Understanding Tween

Understanding Tween

Where did the time go? It may seem like just yesterday your child was learning to read, playing with dolls, and eager to hold your hand in public. Now you get an eye-roll and a sigh every time you talk. Suddenly, your child is acting like a teenager. You thought you had several years before the teen attitude kicked in. What happened?

Rise of the “Tween”

The teenage years are commonly dreaded by parents as a time when they can expect their once sweet child to become argumentative, moody, and difficult to manage. While the terms “adolescent” and “teenager” are often used interchangeably, they do not always exactly coincide. In fact, in the past few decades arguments have been made that adolescence lasts well into the twenties for many people.

Just as adolescence appears to be lasting longer, it also seems to be starting earlier. This is true for both the physical and behavioral changes of adolescence. Recent years have seen the development of a new in-between group: “tweens." Tweens are usually eight to twelve years-old. Biological, social, and cultural influences have all contributed to the rise of the tween as a distinct group.

Biologically, puberty  is starting earlier (a process known as The Secular Trend.) Social and cultural factors include marketing and advertising geared toward this age group that encourage more mature behaviors and interests and the pull to fit in with peers as friendships begin to take precedence over family relationships.

These factors have combined as well as separate impacts on development, resulting in wide variation among children in this age range, with some remaining very childlike, and others seeming to turn into teenagers almost overnight. No longer children, and not yet teenagers, tweens often present with a confusing, and sometimes disturbing, combination of child-like and adult or teenager-like behaviors.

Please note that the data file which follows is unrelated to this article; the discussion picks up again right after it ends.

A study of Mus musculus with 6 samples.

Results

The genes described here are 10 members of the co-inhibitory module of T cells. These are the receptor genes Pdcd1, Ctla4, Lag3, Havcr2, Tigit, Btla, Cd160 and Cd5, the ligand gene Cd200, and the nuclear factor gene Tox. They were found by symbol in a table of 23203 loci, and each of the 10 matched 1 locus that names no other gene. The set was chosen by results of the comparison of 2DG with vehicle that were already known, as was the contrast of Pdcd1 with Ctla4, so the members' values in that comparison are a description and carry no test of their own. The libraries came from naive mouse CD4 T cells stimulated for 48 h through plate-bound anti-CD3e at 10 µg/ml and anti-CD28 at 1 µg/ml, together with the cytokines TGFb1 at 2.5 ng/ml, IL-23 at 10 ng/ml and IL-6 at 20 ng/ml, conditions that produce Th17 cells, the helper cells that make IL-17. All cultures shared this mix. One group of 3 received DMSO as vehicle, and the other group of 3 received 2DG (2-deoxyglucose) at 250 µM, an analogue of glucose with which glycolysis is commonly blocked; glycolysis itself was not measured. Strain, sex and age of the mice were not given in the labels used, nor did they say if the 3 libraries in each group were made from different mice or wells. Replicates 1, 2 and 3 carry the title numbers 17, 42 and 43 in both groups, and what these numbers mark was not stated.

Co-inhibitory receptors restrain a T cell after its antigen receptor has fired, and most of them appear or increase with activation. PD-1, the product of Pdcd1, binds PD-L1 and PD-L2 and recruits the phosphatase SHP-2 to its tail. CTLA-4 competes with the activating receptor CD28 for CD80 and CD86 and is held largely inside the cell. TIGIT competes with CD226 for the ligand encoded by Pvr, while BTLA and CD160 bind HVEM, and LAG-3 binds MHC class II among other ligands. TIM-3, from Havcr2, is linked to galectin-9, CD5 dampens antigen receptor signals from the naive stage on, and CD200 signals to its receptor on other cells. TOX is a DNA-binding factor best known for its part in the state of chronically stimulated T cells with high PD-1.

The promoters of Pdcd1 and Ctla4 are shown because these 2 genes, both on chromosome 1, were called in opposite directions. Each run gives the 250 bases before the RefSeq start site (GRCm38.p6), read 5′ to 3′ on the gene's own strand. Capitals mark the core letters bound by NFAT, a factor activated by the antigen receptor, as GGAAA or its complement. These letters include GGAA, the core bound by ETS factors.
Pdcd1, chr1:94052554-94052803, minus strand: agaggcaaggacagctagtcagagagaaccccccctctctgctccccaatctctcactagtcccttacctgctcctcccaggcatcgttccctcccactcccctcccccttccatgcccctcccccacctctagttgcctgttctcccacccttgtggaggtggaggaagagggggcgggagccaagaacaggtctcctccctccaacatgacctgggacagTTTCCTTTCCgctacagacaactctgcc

Taking Perspective

Early in my career, I ran a social skills group for eight to ten year old girls. One of the girls in the group was clearly a tween. She looked and acted more like a teenager than the other girls. She carried a purse, wore lip gloss, and talked about how much she loved the latest teen heartthrob. And she challenged my authority from day one.

It soon became clear that I was not the only person she challenged; her parents went out of their way to warn me about how difficult and manipulative their daughter was. This warning helped me to see my tween group member in a different light, which in turn led me to a different approach in my interactions with her. I realized that she probably received a lot of negative attention in her environment and was likely not taken seriously.

So I started to listen to her and used a more flexible approach to dealing with her. I dropped my "because I'm the doctor/adult and I said so" attitude. I compromised. This does not mean I let her take over; there were still rules. But once she felt like she mattered and her opinion counted, she was willing to compromise, too. She opened up, and by the last group session, I was sad to see her go. Despite her initially difficult presentation, she contributed a lot to the group and genuinely seemed to care about the other group members. Deep down, she was still a child who was hungry for positive attention—wherever she could get it.

Parents often mistakenly believe that once their child begins to act like a teenager, all is lost. Not so! With the right tools and a different outlook on your child’s behavior, you can learn to enjoy life during the tween years and beyond.

What You Can Do

  • Learn to talk, and listen, to your tween. Try to avoid judging or criticizing. You might be surprised what you learn!
  • Have rules, but be willing to compromise on some details. Practice problem solving to look for solutions you can both live with.
  • Look for opportunities to give your tween attention for positive behaviors.
  • Remember that, even though tweens try act like an adults, they don’t really think like adults; they still have immature brains and a lot of cognitive development ahead of them.

Remember, every developmental stage brings it's own unique set of challenges, and the tween years are no exception. While it can be sad to see one stage end, it can also be exciting to see the next unfold. With patience and understanding, you can learn to love interactions with your tween.